Tips for Effective Signs

July 20, 2009

Signs and graphics have three purposes: to inform, direct, and sell. In the past, using high-quality graphics was only within the budgets of large companies; however, as cutting-edge technology continues to become more affordable, and new products or styles of existing products are introduced, the quality and range of display options have improved. To begin the planning process for effective signs, you must first help your clients determine signage needs. FASTSIGNS Intl. offers some advice to architects on how to get started with the signage process in commercial buildings.

Some basic questions to go over with your clients:

  • How long will the signs be used?
  • What are the signs being used for? Temporary or permanent? Indoors or outdoors?
  • What is the viewing distance for each sign?
  • How much time does a viewer have to read each sign?
  • What’s the viewing environment? Does the site have prominent street frontage or is it hidden behind another establishment? Is it a standalone? Is there lighting on the site?
  • What kind of mounting device will be needed for the signs?
  • Are there local sign ordinances or restrictions that would prevent your clients from displaying certain types of signs?
  • If your clients are planning to include logos of other companies (i.e. vendors), do they have written releases?
  • When do your clients need the signs?
  • What is the budget?

New Signage Technology

Thanks to new research from the University of California, Riverside, a new material (microscopic polymer beads) could change the future of rewritable or reusable signage, posters, papers and labels, and magnetically activated security features. This new material also can be used to make environmentally friendly pigments for paints, as well as ink materials for color printing.

These microscopic polymer beads change color instantly and reversibly when external magnetic fields acting upon the microspheres change orientation. “The new technology has a great potential for a wide range of photonic applications because the on/off switching of the diffraction color by the rotating photonic sphere is fast, greatly simplifying the pixel structures,” says Seoul National University’s Sunghoon Kwon, a leading expert in biophotonics and nanoengineering. “Therefore, the new technology is suitable for very large-scale displays, such as active signage.”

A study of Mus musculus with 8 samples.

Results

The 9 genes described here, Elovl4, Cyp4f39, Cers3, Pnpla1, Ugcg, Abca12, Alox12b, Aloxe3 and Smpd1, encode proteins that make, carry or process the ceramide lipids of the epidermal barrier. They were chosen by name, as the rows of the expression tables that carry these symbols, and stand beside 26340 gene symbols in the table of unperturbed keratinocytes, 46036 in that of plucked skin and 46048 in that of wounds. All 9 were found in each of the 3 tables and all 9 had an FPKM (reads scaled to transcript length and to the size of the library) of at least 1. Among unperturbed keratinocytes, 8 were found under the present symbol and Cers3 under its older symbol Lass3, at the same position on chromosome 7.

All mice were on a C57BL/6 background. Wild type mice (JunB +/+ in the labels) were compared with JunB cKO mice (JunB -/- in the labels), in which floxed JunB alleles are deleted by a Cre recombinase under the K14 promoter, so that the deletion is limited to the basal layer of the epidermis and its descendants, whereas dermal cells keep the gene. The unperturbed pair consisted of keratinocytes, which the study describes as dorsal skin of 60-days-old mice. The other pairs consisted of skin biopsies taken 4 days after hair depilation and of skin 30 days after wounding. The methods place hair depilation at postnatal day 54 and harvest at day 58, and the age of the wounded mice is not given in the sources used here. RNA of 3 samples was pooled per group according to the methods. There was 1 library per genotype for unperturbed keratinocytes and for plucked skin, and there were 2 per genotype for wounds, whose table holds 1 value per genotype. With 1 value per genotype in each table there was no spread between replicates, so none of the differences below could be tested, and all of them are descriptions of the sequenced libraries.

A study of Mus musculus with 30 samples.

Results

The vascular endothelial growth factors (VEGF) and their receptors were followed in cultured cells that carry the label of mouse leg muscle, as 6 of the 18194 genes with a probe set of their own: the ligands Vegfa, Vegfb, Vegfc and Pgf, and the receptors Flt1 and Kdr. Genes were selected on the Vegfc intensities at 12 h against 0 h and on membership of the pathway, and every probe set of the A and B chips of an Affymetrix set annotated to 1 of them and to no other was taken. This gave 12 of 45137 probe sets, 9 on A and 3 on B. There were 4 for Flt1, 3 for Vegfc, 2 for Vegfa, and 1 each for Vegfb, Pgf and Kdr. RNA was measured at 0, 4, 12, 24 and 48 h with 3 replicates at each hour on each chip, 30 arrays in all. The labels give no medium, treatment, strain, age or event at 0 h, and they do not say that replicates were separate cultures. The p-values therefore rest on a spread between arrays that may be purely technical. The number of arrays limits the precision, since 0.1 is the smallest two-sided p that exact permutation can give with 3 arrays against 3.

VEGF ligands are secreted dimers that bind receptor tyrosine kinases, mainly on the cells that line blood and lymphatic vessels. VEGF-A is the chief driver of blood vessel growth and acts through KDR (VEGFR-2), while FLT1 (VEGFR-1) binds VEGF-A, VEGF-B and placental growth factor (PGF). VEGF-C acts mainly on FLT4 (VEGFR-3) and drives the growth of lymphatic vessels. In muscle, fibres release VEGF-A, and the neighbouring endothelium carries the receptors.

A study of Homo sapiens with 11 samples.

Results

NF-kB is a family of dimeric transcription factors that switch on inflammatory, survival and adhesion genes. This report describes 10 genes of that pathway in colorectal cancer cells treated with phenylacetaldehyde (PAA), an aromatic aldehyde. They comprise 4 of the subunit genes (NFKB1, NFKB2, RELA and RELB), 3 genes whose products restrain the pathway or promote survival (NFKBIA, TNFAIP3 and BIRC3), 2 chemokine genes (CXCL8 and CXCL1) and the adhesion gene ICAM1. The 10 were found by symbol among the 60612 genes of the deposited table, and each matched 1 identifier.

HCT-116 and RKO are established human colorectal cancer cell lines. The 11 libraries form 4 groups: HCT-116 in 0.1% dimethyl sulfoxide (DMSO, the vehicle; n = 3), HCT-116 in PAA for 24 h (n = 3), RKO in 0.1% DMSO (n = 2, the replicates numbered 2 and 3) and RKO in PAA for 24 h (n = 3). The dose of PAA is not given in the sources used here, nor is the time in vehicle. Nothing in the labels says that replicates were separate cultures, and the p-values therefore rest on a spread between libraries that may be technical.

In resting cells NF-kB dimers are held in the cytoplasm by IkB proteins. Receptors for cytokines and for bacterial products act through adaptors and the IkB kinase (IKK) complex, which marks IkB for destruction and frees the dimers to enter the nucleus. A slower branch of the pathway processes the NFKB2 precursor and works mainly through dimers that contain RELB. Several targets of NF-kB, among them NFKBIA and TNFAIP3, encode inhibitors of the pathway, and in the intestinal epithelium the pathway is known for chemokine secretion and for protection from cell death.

These beads, or “magnetochromatic microspheres,” have excellent structural stability. They’re also highly compatible with various types of dispersion media, such as water, alcohol, hexane, and even polymer solutions, allowing them to retain magnetically tunable colors in a variety of chemical environments.

There’s virtually no limit to what a good signage program can do for your clients. When discussing signage options, keep these tips in mind:

  • Keep it consistent. Integrate your creative and message across all marketing channels.
  • Make it memorable – fast. As with TV and radio ads, you only have a few seconds to win someone’s attention. Each second counts. With the use of full color digital graphics, your message is easier to remember.
  • Design for maximum effectiveness. Keep it simple. A company logo, a colorful representative image, and a message that gets to the point are effective ways to design your sign. Studies show that, by adding color or photos, you increase the effectiveness of your sign by 78 percent.
  • Add variety. A good signage program isn’t just a single sign. To create maximum impact, carry your theme through all your signs and graphics: on your floor, the side of the building, the windows, etc.

To communicate effectively, signs should be highly visible and attractive. Make note of these four design principles:

  1. Visibility. Achieved by ensuring that the sign’s lettering is clearly distinguishable from its surroundings.
  2. Readability. Ensures that the message is correctly comprehended. Make the sign easier to read with specific graphic elements and color choices.
  3. Noticeability. Draw the viewer’s attention by changing colors, messages, size, or shape frequently.
  4. Legibility. Utilizing certain typestyles and spacing ensure that letters on the sign are discernible from other letters.